Graphic Images of The Boston Bombing


For those of us who were not there, social media and newscasts provided the details of the day as they unfolded. I specifically remember using the hashtag #BostonStrong to monitor the events of the day and receive information as it was released. This hashtag was not only used by news outlets, but by concerned citizens and people who were actually in attendance. I think it goes without saying that many of the pictures shared after the bombings were horrific, startling, upsetting, and graphic.

Not only were individuals sharing images of the massacre, but national news outlets were also retweeting and sharing the images, both online, and on television. This, in my eyes, is unethical for various reasons. For one, it is sensitive material involving real people (who I am sure did not sign a waiver in their time of despair allowing their image to be streamed across the internet). What if the family of the injured only discovered it because they saw it on Twitter? These events are traumatic on so many levels, and in this case, citizen and organized journalism truly added to the trauma.

If you were severely injured after a tragic and horrendous incident, would you want your picture to go viral? Should the photographed person have a say before they are the “face” of a specific tragedy?

I personally would never want my image shared without my written consent – particularly in a situation like the aftermath of a bombing. The mistakes made in the aftermath of the Boston Marathon bombing are plentiful, yet I worry that these are going to be real, constant issues in journalism as we move forward.


  1. I totally agree with your perspective Lesley. I too, would not want to be the “poster child” for a tragic situation. I can’t imagine anyone would. I know many journalists feel that showing these type of images not only enhances a story but share the “real” truth of what has happened. I get that, but I agree sharing an image without a person’s consent is wrong, even if it is in a public setting. Social media gives so many of us power, but that power can be dangerous. With the click of a mouse we can either help disseminate inaccurate information or violate someone’s privacy. When it comes down to it, we all need to take more responsibility. Whether we are professional journalists, citizen journalists, or innocent bystanders. We need to remember social media is about being real and making real connections, it’s not about sensationalizing a tragedy. You can learn about a situation and connect with the victims (on some level) without seeing graphic images.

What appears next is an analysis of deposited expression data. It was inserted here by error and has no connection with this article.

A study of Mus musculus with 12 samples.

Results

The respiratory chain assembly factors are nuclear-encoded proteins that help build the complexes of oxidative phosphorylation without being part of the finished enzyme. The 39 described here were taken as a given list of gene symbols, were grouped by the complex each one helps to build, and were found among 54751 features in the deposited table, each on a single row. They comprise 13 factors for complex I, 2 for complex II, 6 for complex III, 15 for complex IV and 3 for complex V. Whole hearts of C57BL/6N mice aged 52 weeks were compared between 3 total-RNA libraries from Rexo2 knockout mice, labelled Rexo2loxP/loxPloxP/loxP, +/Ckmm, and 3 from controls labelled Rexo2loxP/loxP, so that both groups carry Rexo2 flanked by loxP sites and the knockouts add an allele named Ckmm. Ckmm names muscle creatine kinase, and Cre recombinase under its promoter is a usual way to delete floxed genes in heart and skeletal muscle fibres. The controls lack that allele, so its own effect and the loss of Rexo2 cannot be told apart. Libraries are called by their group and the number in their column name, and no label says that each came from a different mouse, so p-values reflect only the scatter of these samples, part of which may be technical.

1. I agree. Many victims of the Boston Marathon bombings were very vocal after the tragedy, with many becoming activists for amputees and bombing survivors in general. Those are the people who should share their story – the ones who choose to do so. Not someone who had their photograph taken without consent and then distributed across the world via the internet.

  2. Great post, Lesley. I completely agree with all that you said. If I was the person in the photograph, I’m not sure I’d want that to be the photo circulating of me. Also images now live forever. If someone wasn’t ok with it, there’s no way to get it completely erased. The image will live on forever. I also wouldn’t want that happening to someone I know. It would haunt me to see a graphic image of a friend or family member go viral.

    If a person was trying to move on from the situation that happened but every time someone googled their name those images kept coming up, I’m not sure they’d want to deal with that type of situation. It would be great if the person photographed had a say but things more way too quickly for that now. I’m sure there’s a journalistic standard that is protecting news organizations and the images they chose.

    1. You bring up a good point about how the images can prevent people from moving on from the incident. I never thought of that, but I am sure for many of the people who were present, PTSD is a real issue. I know that working through something like that would not be easy if a photo of the traumatic time was forever haunting you. Great feedback!

  3. Great post Lesley! Your view on getting written consent for these images to be used is interesting. As a journalist, specifically in my photojournalism class, I was taught that getting verbal consent from the subject of the photo was enough to use it. Obviously some of these journalists and citizen journalists did neither. I would not want the family of the victim, or the actual victim to see the photo and be horrified that it was used without their permission. I would also not want my photo used at all if I was one of the injured victims in this tragedy. Every person should at least have a say in whether their pictures are used in a tragedy like this, whether it’s verbal or written.

    1. Thanks for the feedback. As someone who literally has zero journalism experience and outside of this grad school program, has never even taken a journalism class – I really value what those of you who are in the know have to add to my posts. I can only speak from the side of the reader, which can sometimes be a little hard on the journalists.